By Michael E. Miller
By Ryan Yousefi
By Kyle Munzenrieder
By Sabrina Rodriguez
By Michael E. Miller
By Carlos Suarez De Jesus
By Luther Campbell
By Kyle Munzenrieder
Mixed feelings: I'm not sure how to react to your story about Miami-Dade cops luring five robbers to a house in the Redland and then gunning down four of them ("Death Trap," Michael E. Miller, May 24). I live in the Redland, and the biggest fear we all have living here is exactly this: a home invasion. There is no nearby police force out here, and the homes are spread out so much it's physically impossible for the MDPD to patrol it effectively. I group home invaders with rapists and murderers. A human life is a human life, and I do think the lives of the men killed in this raid shouldn't have ended that way, but the husband and father inside me feels a little better knowing there are a few less violent, dangerous thugs where I live. I apologize if those comments offend those who lost loved ones, but I would ask those people: How would you feel if the roles were reversed? What if I broke in and pointed a gun at your daughter's face? If the police killed me, would you truly feel sorry for me and my loved ones? Or would you breathe a sigh of relief?
Crooks aren't victims: The MDPD officers in this raid deserve a medal for apprehending and killing these criminals. It was only a matter of time before innocent people got hurt by these thugs. It's ludicrous for New Times to portray these criminals as victims. These were armed home invaders willing to kill people, not a bunch of kids joyriding in cars.
Afraid of cops: What's incredible is people are defending the cops who are supposed to serve and protect. This was a premeditated murder by the MDPD. What gives them the right to decide who lives and who dies? My son was a victim of the MDPD. He was unarmed and surrendering. Now he is dead, and these cops are still out there "serving and protecting." The question is, Who are they serving and protecting?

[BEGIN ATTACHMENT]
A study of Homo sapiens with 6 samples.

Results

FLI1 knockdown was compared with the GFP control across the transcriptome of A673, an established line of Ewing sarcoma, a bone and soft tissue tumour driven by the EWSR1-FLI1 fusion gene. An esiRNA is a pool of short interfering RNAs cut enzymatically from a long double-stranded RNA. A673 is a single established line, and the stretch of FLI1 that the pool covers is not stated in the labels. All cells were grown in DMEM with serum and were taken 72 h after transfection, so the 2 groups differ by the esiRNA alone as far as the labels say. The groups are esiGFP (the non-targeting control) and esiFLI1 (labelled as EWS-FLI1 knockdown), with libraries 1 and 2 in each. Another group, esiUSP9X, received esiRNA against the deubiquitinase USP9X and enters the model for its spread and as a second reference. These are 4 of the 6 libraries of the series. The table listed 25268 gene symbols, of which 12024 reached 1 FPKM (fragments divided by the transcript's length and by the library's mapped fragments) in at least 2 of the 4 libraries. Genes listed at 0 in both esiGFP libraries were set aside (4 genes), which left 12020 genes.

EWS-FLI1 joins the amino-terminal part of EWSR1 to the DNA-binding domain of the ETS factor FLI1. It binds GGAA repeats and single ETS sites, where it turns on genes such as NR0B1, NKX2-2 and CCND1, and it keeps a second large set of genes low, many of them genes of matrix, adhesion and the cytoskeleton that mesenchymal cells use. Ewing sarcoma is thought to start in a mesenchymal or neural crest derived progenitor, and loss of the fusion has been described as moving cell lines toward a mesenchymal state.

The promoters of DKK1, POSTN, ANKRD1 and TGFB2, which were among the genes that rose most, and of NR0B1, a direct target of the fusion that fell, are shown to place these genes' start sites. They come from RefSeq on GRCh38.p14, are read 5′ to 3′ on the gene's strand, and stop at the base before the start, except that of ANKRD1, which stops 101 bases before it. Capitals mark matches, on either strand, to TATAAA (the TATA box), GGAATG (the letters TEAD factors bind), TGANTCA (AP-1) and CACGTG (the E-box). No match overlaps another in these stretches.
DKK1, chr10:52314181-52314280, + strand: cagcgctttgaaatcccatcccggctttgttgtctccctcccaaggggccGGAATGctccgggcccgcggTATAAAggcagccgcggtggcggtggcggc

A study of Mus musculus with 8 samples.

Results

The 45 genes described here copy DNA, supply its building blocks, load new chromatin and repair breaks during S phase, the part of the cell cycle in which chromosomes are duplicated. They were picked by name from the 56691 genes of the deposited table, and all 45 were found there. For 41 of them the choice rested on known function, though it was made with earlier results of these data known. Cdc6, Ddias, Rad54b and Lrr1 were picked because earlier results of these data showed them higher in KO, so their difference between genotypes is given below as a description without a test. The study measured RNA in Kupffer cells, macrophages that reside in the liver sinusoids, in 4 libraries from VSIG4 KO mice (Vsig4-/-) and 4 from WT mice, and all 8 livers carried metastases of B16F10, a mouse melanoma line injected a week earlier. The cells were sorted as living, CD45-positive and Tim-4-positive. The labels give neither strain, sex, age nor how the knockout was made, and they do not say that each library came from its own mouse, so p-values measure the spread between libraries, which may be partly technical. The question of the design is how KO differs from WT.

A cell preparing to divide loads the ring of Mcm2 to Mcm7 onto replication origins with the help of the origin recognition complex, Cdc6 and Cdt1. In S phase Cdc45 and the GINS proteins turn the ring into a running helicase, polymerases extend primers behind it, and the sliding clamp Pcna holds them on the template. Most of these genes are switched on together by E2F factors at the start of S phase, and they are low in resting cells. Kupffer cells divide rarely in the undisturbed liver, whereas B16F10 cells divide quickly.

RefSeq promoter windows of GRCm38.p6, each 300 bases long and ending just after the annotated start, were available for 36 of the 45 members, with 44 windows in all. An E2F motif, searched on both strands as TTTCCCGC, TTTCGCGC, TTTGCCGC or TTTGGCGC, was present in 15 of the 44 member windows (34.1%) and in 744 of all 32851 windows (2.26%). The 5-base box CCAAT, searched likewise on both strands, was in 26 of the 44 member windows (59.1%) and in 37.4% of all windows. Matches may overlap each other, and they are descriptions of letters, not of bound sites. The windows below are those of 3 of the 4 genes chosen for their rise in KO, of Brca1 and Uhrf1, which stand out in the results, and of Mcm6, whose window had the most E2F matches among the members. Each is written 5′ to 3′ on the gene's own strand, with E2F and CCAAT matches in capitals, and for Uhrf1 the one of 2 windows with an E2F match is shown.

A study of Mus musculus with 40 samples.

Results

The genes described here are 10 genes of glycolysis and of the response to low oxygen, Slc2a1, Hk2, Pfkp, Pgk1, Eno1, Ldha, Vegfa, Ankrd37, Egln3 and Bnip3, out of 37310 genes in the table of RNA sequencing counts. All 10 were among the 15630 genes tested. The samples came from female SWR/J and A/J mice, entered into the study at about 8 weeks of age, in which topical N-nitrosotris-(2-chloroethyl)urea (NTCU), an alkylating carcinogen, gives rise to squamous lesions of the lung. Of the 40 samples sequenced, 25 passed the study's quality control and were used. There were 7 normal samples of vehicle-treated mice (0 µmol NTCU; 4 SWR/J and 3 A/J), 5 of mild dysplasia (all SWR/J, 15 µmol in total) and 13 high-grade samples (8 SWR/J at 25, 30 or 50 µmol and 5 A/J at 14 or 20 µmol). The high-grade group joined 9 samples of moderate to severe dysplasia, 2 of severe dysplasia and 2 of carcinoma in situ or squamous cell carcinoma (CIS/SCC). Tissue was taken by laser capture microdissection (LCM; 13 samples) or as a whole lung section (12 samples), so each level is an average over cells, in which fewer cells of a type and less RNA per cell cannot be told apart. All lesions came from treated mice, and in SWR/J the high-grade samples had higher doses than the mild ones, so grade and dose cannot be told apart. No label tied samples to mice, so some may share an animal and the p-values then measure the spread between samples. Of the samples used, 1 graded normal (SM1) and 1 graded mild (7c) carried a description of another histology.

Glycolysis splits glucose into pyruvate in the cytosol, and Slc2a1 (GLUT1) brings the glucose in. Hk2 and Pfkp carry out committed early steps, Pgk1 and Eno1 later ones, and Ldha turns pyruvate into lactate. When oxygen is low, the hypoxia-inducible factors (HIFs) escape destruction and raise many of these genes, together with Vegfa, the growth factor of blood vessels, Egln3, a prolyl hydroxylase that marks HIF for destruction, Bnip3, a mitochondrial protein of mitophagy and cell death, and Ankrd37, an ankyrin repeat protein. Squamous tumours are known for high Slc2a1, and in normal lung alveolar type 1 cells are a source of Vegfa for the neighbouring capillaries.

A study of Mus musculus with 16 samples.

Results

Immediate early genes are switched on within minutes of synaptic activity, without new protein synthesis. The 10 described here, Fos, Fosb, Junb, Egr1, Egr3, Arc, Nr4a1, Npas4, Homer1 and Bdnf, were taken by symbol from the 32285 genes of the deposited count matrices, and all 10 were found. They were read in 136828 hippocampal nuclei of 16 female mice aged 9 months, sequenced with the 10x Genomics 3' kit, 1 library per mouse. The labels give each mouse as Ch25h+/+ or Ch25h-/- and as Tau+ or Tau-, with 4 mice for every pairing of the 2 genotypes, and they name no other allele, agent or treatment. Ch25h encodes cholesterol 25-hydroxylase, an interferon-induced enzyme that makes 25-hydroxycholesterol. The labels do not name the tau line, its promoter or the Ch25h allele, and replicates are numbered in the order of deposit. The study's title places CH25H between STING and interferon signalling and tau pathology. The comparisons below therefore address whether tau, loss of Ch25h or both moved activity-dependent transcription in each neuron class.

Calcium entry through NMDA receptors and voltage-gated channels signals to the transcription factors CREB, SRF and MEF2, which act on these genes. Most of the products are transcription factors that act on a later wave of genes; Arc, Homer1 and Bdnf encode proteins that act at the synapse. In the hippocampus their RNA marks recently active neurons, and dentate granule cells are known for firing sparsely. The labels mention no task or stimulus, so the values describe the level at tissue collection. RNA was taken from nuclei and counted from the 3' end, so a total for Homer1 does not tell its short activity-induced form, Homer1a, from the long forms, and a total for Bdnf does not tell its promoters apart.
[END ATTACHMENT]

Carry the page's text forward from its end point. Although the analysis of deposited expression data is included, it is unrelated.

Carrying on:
A fitting end: Though I am no friend of all of the tactics that Miami cops use, I applaud the taking down of professional thieves. These men broke into peoples' homes, tied them up, and robbed them. If their reign of terror ended amid police bullets, that's good. Home invasions are violent and dangerous. If criminals engage in this behavior and the police shoot them, Miami will be a safer place.
Money can't buy love: I've got a news flash for FriendsWithYou and the other top-tier Miami artists moving to L.A. because they supposedly can't sell enough art here ("Artist Exodus," Carlos Suarez De Jesus, May 24). If you leave Miami, you're no longer Miami's "best artists." You're sellouts. Nobody wants you here.
Minor-league town: Why wouldn't these artists move to Los Angeles? L.A. is a vastly bigger stage and a far more important city. Miami is an excellent training ground, but it's not the big leagues. It's sort of like the musicians who play with our New World Symphony. It's a great organization, but when the players reach a certain level of excellence, they move on to real orchestras in places like New York, Boston, Philadelphia, and Chicago.
Kevin in the Shores
Set the record straight: We historians have been trying for years to eradicate a persistent but totally false urban myth that unfortunately you perpetuated in your story about craft beer booming in Miami ("Beer Invasion," David Minsky, May 17). In 1922, Clarence M. Busch indeed built a mansion on Palm Island in Miami Beach, but he had no connection to the famous brewery in St. Louis, and his mansion was not where Al Capone lived. I know the myth makes a great story, and has even been published in books, but it has no basis in fact. Eberhard Anheuser bought the brewery in 1860, and his son-in-law Adolphus Busch, who had emigrated from Germany in 1857, inherited the company in 1880. I have found no evidence that Adolphus ever came to Florida. Clarence Busch was born in Philadelphia in 1860, the son of bookbinder Joseph Busch. Clarence moved his family to Miami in 1915 and became a prominent realtor, philanthropist, and author of several religious works. At the same time he built his own mansion (now demolished), he built a smaller house across the street as an investment. Capone bought this smaller house (still standing) in his wife's name in 1928 from then-owner James Popham. This info is mostly based on U.S. Census records, building records, the brewery's website, and Clarence Busch's 1943 obituary.
Due to a reporting error, the following quote was misattributed in David Minsky's May 17 story "The Misfits of Beer": "We have veterans and rookies... Everybody is connected by the fact that they brew their own beer." The speaker was Dave Dunn. Also, the location of Brewbox Miami was misstated. It is a 1,500-square-foot shop on SW 129th St., off Galloway Road. We regret the errors.